SESSION TYPE: Miscellaneous Student/Resident Case Report Posters
PRESENTED ON: Tuesday, October 23, 2012 at 01:30 PM - 02:30 PM
INTRODUCTION: Sracoidosis is classically associated with secondary amyloidosis (AA type) induced by the chronic indolent inflammatory process of sarcoid. There is sparse literature on the co-existence of primary amyloid (AL type) with sarcoidosis. We report a case of a 60 year old lady with history of pulmonary sarcoidosis who presented with dysphagia and was found to have AL type esophageal amyloidosis.
CASE PRESENTATION: A 60 year old woman with a 15 year history of stage 2 pulmonary sarcoidosis on low dose oral prednisone presented with progressive dysphagia, weight loss and failure to thrive. Her primary care physician treated her for gastro-esophageal reflux initially. But when the symptoms persisted she was referred to a gastroenterologist. An esophaogastrodudenoscopy was done which showed smooth velvety appearance in the lower third of the esophagus. Biospy with Hand E stain followed by congo red staining confirmed the presence of amyloid deposition the submucosal and muscularis layers of the eosophagus. Serum protein electrophoresis and urine protein electrophoresis showed M spike with immunofixation demonstrating IgG kappa light chain monoclonal proteins. Bone marrow biopsy did show a clonal plasma cell expansion. Patient expired 5 years from the initial diagnosis of amyloidosis due to restrictive cardiomyopathy.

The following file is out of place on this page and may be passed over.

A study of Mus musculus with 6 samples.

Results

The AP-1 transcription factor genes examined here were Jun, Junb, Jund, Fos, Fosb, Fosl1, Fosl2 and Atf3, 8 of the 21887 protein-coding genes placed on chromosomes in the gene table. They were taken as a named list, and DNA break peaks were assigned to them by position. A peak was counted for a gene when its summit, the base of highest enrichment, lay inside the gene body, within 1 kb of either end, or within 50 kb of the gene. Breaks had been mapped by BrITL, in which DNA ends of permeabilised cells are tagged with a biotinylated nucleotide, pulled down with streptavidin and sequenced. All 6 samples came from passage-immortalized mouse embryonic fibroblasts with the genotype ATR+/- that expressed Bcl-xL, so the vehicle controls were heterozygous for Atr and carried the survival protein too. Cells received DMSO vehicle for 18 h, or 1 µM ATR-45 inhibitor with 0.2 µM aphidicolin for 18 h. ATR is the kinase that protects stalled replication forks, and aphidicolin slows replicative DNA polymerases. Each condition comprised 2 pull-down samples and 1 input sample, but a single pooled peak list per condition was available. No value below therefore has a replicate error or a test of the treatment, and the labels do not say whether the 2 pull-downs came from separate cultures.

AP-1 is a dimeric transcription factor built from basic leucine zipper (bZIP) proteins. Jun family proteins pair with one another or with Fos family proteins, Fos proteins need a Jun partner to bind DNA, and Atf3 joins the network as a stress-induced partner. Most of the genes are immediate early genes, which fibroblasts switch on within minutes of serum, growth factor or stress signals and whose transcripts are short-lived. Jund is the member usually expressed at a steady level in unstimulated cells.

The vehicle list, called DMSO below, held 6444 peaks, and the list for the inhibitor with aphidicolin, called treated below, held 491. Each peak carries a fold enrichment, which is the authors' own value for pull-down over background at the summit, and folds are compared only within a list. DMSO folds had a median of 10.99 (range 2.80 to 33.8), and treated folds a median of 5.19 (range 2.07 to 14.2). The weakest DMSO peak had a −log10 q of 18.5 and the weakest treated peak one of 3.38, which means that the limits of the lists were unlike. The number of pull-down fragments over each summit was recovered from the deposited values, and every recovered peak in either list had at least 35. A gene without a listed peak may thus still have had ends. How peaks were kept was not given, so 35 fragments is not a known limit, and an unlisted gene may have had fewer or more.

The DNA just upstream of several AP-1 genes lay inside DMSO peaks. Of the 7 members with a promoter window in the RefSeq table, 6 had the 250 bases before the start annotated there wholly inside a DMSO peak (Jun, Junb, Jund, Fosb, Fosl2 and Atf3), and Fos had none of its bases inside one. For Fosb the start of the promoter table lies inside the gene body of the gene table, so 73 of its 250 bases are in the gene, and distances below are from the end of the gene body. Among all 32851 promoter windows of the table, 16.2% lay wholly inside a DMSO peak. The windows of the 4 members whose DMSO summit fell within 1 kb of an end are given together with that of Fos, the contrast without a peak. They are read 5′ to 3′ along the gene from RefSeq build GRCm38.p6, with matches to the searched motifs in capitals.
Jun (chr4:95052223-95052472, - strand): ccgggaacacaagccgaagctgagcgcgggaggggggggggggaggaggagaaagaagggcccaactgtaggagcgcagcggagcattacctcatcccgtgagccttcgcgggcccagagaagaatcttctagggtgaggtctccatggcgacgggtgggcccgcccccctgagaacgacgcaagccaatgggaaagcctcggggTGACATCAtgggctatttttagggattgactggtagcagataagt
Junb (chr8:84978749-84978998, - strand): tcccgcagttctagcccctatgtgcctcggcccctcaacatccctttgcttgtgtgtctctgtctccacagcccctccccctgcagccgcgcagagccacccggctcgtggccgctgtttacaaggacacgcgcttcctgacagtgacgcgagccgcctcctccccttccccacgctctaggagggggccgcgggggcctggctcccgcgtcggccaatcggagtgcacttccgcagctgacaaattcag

DISCUSSION: In sarcoidosis the most frequently involved organs are the lungs and the hilar lymph nodes.The pathogenesis between AL amyloidosis and active sarcoidosis is not clear. A few prior reports suggest a coincidental association between cardiac sarcoidosis and AL amyloidosis. There is no evidence of direct relationship between active untreated sarcoidosis and development of AL amyloidosis , however the likely cause of amyloidosis in our patient appears to be active sarcoidosis.
CONCLUSIONS: Further studies are needed to establish if indeed there is a common triggering etio-pathogenic agent to our clinical observation of overlapping pulmonary sarcoidosis and primary amyloidosis. Given the latency of 15 years between the diagnosis if sarcoidosis and amyloidosis the question remains whether there was an ongoing exposure to the triggering agent.